When a worker is an independent contractor and not an employee, there are important differences for an employer.
An employer is not required to deduct and remit to the government statutory payroll taxes and deductions such as income tax, Canada Pension Plan, Ontario Employer Health tax and employment insurance for independent contractors.
In addition, independent contractors are not covered under the Employment Standards Act, 2000, nor are they entitled to common law notice of termination. This often makes the relationship more attractive for employers. However, when hiring someone as an independent contractor, employers must ensure that the reality of the relationship is that of an independent contractor and not an employment relationship.
Although the intention of the parties is given some weight, it is only one factor the courts will take into account, and a statement in the contract will not be determinative. The totality of the relationship must reflect the independence required to support a contract for service. The courts (and the Canada Revenue Agency) have developed a four-part test to determine whether an employment relationship exists. The key factors taken into account are:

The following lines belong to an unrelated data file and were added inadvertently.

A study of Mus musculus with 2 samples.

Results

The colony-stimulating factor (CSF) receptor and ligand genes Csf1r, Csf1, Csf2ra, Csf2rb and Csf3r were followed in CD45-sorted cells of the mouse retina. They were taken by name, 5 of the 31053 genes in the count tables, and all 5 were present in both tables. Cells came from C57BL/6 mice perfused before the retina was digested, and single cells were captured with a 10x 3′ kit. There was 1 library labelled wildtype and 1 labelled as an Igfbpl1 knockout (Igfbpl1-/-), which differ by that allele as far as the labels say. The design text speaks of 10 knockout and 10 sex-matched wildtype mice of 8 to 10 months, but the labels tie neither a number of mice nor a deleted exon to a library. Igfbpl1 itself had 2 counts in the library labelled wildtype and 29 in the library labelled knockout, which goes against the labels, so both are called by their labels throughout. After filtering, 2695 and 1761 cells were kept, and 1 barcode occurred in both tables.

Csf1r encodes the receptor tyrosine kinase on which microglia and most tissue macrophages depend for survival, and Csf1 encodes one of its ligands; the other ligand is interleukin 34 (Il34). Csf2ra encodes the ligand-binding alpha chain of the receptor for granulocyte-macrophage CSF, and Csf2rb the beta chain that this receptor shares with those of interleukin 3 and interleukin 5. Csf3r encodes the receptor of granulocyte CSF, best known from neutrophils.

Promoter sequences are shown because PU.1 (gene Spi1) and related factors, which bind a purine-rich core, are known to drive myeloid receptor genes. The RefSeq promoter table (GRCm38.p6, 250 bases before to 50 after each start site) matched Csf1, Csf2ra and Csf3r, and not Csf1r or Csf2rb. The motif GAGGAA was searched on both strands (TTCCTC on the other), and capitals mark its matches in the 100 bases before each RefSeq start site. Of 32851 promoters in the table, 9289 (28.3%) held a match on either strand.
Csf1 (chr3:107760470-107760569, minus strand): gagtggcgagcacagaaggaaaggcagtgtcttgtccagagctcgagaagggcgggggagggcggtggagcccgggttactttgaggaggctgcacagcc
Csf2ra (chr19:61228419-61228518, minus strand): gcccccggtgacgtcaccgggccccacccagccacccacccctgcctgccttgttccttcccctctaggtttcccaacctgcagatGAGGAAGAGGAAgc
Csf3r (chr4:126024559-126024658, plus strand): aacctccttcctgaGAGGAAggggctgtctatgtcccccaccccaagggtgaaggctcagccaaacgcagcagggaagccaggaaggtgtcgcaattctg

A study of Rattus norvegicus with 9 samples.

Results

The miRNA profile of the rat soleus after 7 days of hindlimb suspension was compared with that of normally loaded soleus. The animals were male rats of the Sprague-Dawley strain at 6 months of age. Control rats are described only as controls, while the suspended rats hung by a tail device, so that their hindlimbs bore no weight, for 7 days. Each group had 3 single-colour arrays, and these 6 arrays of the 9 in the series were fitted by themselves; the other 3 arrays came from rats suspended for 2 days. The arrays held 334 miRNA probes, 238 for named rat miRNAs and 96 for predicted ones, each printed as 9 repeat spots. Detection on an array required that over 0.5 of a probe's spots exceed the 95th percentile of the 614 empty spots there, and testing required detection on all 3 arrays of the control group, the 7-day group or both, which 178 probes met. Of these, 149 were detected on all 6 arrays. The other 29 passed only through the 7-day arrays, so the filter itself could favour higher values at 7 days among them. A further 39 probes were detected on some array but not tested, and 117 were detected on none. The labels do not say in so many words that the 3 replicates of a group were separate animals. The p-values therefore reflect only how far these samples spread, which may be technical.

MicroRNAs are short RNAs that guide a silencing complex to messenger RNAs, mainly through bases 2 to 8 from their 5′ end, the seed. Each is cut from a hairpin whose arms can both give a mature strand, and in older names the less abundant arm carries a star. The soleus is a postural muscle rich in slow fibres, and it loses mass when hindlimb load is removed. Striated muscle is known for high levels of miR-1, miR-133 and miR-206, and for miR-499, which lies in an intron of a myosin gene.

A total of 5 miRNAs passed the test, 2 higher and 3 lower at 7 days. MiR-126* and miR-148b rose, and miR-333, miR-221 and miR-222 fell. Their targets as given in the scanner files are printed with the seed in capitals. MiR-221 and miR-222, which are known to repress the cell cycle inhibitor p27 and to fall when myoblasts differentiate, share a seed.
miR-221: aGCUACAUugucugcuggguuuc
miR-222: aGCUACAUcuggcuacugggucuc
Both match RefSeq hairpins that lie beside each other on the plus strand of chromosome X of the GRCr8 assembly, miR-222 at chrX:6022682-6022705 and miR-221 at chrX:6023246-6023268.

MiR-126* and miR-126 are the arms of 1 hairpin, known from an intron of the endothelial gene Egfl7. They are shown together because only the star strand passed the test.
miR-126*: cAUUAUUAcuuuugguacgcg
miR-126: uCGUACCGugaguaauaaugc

Control (how much control the employer has over the worker’s activities);
Ownership of tools (generally, a contractor supplies his own tools, but this will depend upon the industry norms);
Chance of profit/risk of loss (the financial risk taken by the worker, such as investments in equipment and materials, and whether the worker can realize a profit); and
Integration into the employer’s business.
Health, dental and life insurance benefits add significant value to workers’ contracts and are often specifically sought out by workers. However, the provision of these seemingly innocuous benefits can be problematic and can result in major legal ramifications if provided to contractors.
The provision of health and welfare benefits to a worker has been noted by the Tax Court of Canada as demonstrating a degree of control by the employer that suggests an employment relationship. Although this is one factor to be considered when assessing the relationship in its entirety, it could be the one to tip the scales towards an employment relationship.
There is no one conclusive “test” to be applied in determining whether a person is an employee or an independent contractor.
Courts will instead look at the totality of the relationship between the parties. Accordingly, employers should examine all aspects of their independent contractor relationships to determine whether they can satisfy the above tests, including the provision of benefits. Otherwise, the employer may be on the hook for significant, unanticipated costs.